A Strategy to Hedge Volatility
04/05/2010 10:28 am EST
Bernie Schaeffer, chairman of Schaeffer’s Investment Research and editor of The Option Advisor, says it’s cheaper to hedge stocks and ETFs in your portfolio than the market.
The steady decline in the Chicago Board Options Exchange’s (CBOE) Volatility Index (VIX) over the course of the market’s rally from the March 2009 bottom has been noted time and again in the financial media, and, indeed, over the past 12 months the VIX has declined by an eye-opening 58%.
But this pales in comparison to the decline in the implied volatility (IV) of many options on industry-specific exchange traded funds (ETFs) and individual equities. [Here are] some examples of IV declines from the March 2009 peaks, based on the Schaeffer’s Volatility Index , our exclusive measure of equity option pricing.
Decline from March 2009 IV Peak
Financial Select Sector SPDR (NYSEArca: XLF) -79%
iShares Dow Jones US Real Estate (NYSEArca: IYR) -76%
Ford Motor (NYSE: F) -73%
Meritage Homes (NYSE: MTH) -72%
Starwood Hotels (NYSE: HOT) -71%
General Electric (NYSE: GE) -69%
Why has the pricing of equity options taken a bigger hit over this period than that for index options as represented by the VIX?
In my opinion, it is “the fear factor” that continues to dominate the pricing of index options—the concern about a sudden market crash. Since index options in general, and Standard & Poor’s 500 Index (SPX) options in particular, are predominant among those used to hedge portfolios against such dire eventualities, these options (and hence the VIX, which is a measure of their volatility) are always “juiced” due to excess demand for crash protection.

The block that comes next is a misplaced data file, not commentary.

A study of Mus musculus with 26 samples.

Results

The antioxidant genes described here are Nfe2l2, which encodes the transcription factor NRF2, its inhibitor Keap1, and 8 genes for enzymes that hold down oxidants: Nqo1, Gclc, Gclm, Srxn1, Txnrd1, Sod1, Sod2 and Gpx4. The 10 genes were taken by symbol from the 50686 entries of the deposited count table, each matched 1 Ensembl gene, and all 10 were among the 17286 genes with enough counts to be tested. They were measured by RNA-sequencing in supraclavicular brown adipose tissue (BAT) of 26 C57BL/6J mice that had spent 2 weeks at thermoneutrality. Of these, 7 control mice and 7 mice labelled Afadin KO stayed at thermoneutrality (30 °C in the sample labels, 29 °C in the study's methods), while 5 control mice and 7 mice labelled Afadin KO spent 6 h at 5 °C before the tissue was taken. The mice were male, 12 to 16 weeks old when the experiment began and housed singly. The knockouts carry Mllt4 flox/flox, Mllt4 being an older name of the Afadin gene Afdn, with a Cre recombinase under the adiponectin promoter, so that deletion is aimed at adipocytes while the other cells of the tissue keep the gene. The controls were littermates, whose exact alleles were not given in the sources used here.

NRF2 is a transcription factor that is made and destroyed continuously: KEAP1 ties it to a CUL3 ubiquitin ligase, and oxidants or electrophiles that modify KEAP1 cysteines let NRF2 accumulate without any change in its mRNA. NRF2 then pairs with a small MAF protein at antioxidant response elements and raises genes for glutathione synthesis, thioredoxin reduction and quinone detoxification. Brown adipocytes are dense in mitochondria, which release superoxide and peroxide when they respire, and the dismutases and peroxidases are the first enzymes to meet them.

While the VIX is in the 18 area, recent historical volatility of the S&P is well below 10%. In fact, index options have been expensive on this basis for many years, which is supported by the success over the years of a number of real-world index premium-selling strategies.
According to the CBOE website, in 2006 Callan Associates published a study on the CBOE S&P 500 BuyWrite Index (BXM) that concluded that BXM generated superior risk-adjusted returns over the last 18 years, generating a return comparable to that of the S&P 500 with approximately two-thirds of the risk.
But on the flip side, equity options are quite cheap—relative to index options and relative to their levels of just one year ago. And this presents an excellent opportunity for option premium buyers.
The traditional “strategy spectrum” recommendations under such conditions would be to buy cheap call options as “stock substitutes” and pocket the difference between the capital required to own the shares and that required to buy the calls—or to buy cheap put options to protect your stock portfolio.
My suggestion would be to combine the best of both of these worlds by buying call options paired with lower-delta put options on the same stock to benefit from cheap “stock substitution” and the cheapest put protection.